Friday, November 18, 2005

Max Perkins: Editor of Genius by A. Scott Berg

I tend to enjoy the history of publishing, and so found this bio of superstar Scribner's editor, Maxwell Perkins, quite interesting. Perkins is most famous for making famous F. Scott Fitzgerald, Ernest Hemingway, and Thomas Wolfe. He's also responsible for Marjorie Kinnan Rawlings, and a lot of other authors who were apparently mega-sellers in their day but are no longer known. I've known the facts about Perkins for quite sometime (he's famous in my family for being married to my grandfather's cousin--how's that for useless name-dropping?), but I had never before realized that he favored a certain kind of writing and a certain kind of writer. Apparently he liked larger-than-life people who wrote about their large lives. So while he had a keen eye for finding good stylists, what he was really looking for were writers with built in stories to tell. It was Perkins who pressed Rawlings to write a book about her childhood in the Everglades, a book that became The Yearling.

I myself have never been one for writing overtly autobiographical fiction (probably because I like a life that's smaller than life), and as I read this bio I started to wonder if I discourage (or discourage by omission) autobiographical fiction from my students. One of the factors of creative writing classes is the student-writers are often quite young. And so to suggest they should write autobiographical fiction seems sort of absurd. Yet I've found that the undergraduate workshops I've taught in creative nonfiction have generated some really good material. And the non-autobiographical fiction generated in workshop is often out of this world (I mean literally, not as a description of its qualities). Not that science fiction/fantasy writing is anything to be ashamed of, but it's not typically what I'm trying to teach. So maybe the key is to help students identify what of their autobiography actually makes for good writing. It's often the stuff you wouldn't want to admit to in a room full of near-strangers, so we wouldn't have to get into the details; yet I think it's worth at least talking more openly about using autobiography as source material, and talking too about how to transition it into fiction.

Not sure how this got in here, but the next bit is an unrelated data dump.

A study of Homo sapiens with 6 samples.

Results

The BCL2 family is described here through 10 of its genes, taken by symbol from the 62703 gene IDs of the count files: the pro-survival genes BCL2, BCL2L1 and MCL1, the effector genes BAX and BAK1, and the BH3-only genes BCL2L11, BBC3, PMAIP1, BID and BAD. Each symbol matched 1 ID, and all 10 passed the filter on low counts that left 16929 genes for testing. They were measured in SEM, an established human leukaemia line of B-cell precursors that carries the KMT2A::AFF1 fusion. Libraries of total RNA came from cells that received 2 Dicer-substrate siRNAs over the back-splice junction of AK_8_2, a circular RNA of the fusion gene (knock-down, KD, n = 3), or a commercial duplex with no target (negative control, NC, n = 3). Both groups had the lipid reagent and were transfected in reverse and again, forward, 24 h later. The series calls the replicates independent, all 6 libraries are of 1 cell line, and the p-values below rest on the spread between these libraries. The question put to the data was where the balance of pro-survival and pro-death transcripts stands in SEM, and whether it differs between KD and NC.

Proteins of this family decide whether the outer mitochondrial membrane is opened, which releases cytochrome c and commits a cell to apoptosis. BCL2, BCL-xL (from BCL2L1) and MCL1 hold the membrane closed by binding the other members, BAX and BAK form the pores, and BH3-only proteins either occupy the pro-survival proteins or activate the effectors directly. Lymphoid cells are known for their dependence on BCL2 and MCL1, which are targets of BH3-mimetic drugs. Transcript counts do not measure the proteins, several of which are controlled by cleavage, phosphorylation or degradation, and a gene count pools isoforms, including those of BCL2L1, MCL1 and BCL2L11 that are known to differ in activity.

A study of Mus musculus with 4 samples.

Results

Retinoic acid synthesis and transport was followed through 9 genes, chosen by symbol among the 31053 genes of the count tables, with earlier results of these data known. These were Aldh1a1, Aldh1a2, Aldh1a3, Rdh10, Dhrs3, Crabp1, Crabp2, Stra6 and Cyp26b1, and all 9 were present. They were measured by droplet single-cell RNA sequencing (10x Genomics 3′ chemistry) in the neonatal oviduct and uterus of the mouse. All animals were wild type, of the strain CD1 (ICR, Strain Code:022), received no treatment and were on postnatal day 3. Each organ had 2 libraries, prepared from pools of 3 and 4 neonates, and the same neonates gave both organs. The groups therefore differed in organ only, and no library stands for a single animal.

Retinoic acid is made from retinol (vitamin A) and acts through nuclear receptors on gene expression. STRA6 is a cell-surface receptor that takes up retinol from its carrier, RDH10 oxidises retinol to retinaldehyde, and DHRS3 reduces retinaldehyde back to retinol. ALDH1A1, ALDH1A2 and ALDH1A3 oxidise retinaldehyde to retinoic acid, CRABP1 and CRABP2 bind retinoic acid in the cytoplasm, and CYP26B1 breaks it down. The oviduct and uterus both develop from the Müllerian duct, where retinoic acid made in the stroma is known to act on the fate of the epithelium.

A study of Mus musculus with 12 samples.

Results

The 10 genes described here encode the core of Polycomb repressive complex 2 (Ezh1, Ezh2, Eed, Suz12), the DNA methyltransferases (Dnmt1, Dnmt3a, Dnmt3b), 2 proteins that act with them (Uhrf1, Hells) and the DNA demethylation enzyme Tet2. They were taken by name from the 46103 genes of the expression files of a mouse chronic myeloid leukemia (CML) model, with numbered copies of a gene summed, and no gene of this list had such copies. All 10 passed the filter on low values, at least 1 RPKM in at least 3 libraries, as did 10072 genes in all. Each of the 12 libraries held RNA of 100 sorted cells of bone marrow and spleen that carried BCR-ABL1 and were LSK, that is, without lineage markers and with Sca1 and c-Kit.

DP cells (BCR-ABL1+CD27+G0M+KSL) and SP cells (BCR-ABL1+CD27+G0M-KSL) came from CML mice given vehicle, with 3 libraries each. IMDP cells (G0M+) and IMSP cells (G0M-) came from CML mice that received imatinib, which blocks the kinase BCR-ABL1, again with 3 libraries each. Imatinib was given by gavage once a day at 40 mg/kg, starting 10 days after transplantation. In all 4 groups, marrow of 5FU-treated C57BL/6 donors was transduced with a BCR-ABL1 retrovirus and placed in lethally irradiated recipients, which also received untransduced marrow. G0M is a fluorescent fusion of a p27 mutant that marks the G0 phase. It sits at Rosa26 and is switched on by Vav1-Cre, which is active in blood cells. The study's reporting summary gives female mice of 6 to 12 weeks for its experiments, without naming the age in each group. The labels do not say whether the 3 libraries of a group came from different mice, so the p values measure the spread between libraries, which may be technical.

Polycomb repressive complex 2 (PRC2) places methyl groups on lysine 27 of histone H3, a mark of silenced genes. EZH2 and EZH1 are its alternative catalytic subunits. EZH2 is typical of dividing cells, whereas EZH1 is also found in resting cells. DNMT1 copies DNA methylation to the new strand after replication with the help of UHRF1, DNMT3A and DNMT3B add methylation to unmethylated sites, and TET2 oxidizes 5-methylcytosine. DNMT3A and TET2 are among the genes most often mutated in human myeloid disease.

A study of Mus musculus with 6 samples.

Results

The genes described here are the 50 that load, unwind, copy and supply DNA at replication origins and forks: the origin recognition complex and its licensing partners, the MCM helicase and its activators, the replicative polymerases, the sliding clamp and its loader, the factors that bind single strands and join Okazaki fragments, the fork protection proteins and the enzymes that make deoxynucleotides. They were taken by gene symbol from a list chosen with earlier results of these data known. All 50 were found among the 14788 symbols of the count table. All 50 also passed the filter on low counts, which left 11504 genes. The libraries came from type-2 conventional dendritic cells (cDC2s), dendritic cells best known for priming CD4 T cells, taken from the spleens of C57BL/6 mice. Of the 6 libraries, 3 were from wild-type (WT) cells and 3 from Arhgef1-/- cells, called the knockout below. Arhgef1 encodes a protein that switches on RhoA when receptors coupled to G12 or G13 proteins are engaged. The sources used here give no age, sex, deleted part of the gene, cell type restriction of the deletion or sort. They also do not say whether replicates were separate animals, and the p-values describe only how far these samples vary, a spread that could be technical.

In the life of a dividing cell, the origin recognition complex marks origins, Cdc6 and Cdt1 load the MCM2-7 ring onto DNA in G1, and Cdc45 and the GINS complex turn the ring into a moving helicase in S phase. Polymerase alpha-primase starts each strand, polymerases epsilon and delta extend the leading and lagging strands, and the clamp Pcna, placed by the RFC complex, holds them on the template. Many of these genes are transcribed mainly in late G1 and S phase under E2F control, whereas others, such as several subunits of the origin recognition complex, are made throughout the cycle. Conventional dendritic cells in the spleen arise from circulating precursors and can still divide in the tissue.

3 comments:

Anonymous said...

This has nothing to do with Max Perkins. I just read your column on the Chronicle's site. Ironically, I had read about the same teen who got a contract for her novel, and I, too, made her my enemy. Her success spurred me into writing three novels this year, one of which is under contract now. Of course, I still hate her because I, too, wrote a novel at 16 but no one wanted to publish mine.

Anonymous said...

I posted too quickly. I don't hate her. I envy her.

rocky lupo said...

An editor has to have a pssion for anonmity. Like Socrates, he is a midwife helping a writer bring forth his offspring. His job is not to do the writer's job for him. I once saw what an academic had done to the writing of a graduate student: he had crossed out every word on the page and substituted his own writing. That's not editing -- that's vanity.